At least he was open about it, I guess. “Tell you what I’ll do”, he says to my colleague here in Guatemala, “I’ll find you a client, then I’ll sit in, learn everything you do, and then I’ll apply it in my own business. How does that sound to you?”
Uh, no. Not a good idea. Not just because it’s a really bad deal from our perspective, but much more that Reality Department really doesn’t work that way: there’s no short-cut to experience.
Yes, it all looks simple enough – in fact that’s the whole point. A lot of simple visual summaries, and surprisingly simple-seeming methods, too. Yet it only looks simple because we’ve been through a heck of lot of hard work to make it that way. Hard-won experience, won the hard way through years and years of practice in many, many different contexts, getting it ‘wrong’ time and time again, in many, many different ways in order to get it right.
The real trap is that these simple-seeming ideas and methods aren’t simple rules, prepackaged sense-making and decision-making that will always work in every context. These are simple principles, simple guidelines, the kind of easy-to-memorise information that helps decision-making in real-time, in circumstances that are subtly different every time. (See my SCAN posts for more on these distinctions.) If you try to use them as ‘rules’ for inherently-uncertain contexts, without understanding why those principles apply, or how they need to be tweaked every time to match each different context, you’re going to be in real trouble – along with everyone else around you. Not a good idea…
The same often applies even to things that really are ‘rules’. Take that example of perhaps the greatest simplification ever made: e=mc2. All the core information you need to build a nuclear power-station is right there in that equation: but there’s a heck of a long way – a heck of a lot of engineering-experience – to go from that one equation to building a nuclear-power station that actually works.
Same with everything else, really: simplification is essential, but can also be deceptive – especially when people mistake ‘simple’ for ‘easy’…
Which is also why I get a bit hot-under-the-collar about the current proliferation of ‘certification-schemes’ in enterprise-architecture and elsewhere. Some of them are genuinely valuable, but others – to be blunt – are little better than money-spinning scams, in terms of the actual value that they (don’t) deliver. And the crucial distinction revolves around the role and recognition of experience.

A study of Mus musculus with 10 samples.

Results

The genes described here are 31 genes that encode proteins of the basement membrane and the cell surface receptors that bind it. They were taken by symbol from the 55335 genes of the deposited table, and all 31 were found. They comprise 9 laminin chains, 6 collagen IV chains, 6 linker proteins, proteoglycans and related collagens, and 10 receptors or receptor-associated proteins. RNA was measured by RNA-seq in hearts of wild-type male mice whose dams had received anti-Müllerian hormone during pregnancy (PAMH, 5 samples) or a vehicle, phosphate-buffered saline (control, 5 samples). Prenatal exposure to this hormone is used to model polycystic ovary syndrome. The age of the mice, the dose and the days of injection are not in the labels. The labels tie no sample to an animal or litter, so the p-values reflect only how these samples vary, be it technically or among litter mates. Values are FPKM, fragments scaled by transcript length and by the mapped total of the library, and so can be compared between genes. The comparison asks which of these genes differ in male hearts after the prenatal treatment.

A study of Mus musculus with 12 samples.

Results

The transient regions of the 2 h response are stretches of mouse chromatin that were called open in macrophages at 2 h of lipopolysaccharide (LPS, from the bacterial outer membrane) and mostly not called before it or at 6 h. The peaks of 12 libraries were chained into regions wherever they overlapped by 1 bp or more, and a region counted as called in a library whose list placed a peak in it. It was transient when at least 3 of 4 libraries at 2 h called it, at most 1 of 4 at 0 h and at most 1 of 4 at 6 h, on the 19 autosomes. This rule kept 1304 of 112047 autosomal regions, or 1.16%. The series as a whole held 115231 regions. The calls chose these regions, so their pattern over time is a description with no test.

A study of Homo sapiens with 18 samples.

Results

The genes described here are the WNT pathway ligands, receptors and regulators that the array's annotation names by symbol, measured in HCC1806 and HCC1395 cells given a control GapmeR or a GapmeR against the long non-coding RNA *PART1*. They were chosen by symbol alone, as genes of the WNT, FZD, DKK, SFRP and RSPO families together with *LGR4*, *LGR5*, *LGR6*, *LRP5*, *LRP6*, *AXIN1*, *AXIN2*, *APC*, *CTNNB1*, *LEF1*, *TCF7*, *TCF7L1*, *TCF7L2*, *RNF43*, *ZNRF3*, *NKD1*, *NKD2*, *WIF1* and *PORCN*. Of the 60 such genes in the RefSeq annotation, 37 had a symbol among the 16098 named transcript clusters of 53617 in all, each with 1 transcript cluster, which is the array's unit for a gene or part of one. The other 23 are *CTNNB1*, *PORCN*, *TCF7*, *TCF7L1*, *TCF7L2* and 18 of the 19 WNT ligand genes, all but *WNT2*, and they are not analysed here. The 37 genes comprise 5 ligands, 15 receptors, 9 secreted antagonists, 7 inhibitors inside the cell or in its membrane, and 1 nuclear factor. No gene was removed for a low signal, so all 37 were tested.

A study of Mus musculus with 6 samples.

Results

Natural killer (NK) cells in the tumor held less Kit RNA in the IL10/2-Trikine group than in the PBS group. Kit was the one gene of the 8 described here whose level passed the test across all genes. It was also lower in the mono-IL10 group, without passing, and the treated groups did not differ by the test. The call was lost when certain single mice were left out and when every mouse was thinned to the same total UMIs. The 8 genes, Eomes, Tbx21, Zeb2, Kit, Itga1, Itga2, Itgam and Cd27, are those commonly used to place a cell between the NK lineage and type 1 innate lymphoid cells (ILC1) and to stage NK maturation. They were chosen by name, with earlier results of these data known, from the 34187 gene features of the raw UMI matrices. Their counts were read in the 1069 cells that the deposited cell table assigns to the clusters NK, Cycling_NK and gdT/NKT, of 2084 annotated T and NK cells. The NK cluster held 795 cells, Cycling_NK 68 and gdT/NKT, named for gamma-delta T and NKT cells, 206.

For example, the TOGAF Foundation and Archimate Foundation certifications have real value. They verify that the respective person has a credible command of the terminology and language – a requirement that matters a lot for communication across a dispersed and disparate team.
Likewise the ATAC certifications should have real value, because each explicitly tests practical experience in the respective area.
But unless they’ve changed it in the past year or so, the full TOGAF certification is delivered through the absurdly-inappropriate mechanism of a multiple-choice test. And to my mind, that’s not merely useless, it’s actually worse than useless, because it’s exactly how not to test for the kind of experience that that type of competence requires. (When I did the TOGAF 8 exam some years back, I almost failed because I answered several key questions correctly in terms of real-world experience, rather than the theory-based wrong-assumptions that the test thought were ‘right’.) The result of that kind of pseudo-test is a bevy of people who can wave a certificate around, but have no idea how to do the work in any real-world context.
A good training-course can make all the difference, and the better training-providers do take up some of the slack here. (I’ll wave a flag at this point for John Polgreen at Architecting The Enterprise, who’s been doing sterling work for years on adapting TOGAF for the US-government context.) Yet none of that competence carries through anywhere into the actual test: so unless we know each of the training-providers, we have no way to tell whether a candidate does actually know what they’re doing, or merely that they have a piece of paper to prove that they know just enough to get into real trouble, but not enough to get out of it again.
In effect, right now, the full TOGAF certification is of less real-world value than the Foundation certification – which is both bizarre and sadly pointless. And I’ll hasten to add that I’m using TOGAF here merely as one example amongst many: it may well be that most of the so-called ‘certifications’ in this field are even more meaningless than that. And the results can be seen everywhere in the trade…
In short, it’s a mess.
What we need to be testing for is genuine understanding of a context, and the ability to adapt for uniqueness. And that calls for much, much more than can be covered in a crude multiple-choice test delivered through a mindless machine. Sure, that kind of test is cheap, and relatively easy to administer: but it’s also all but meaningless for anything than foundation-level rote-knowledge. It really does take years of painful practice to develop the experience needed to do this work well: and if this trade is to gain the credibility that it needs, we need to stop pretending that we don’t need to test for that experience.
Time to re-think how we do this, and how we respect this, too: there’s no short-cut to experience.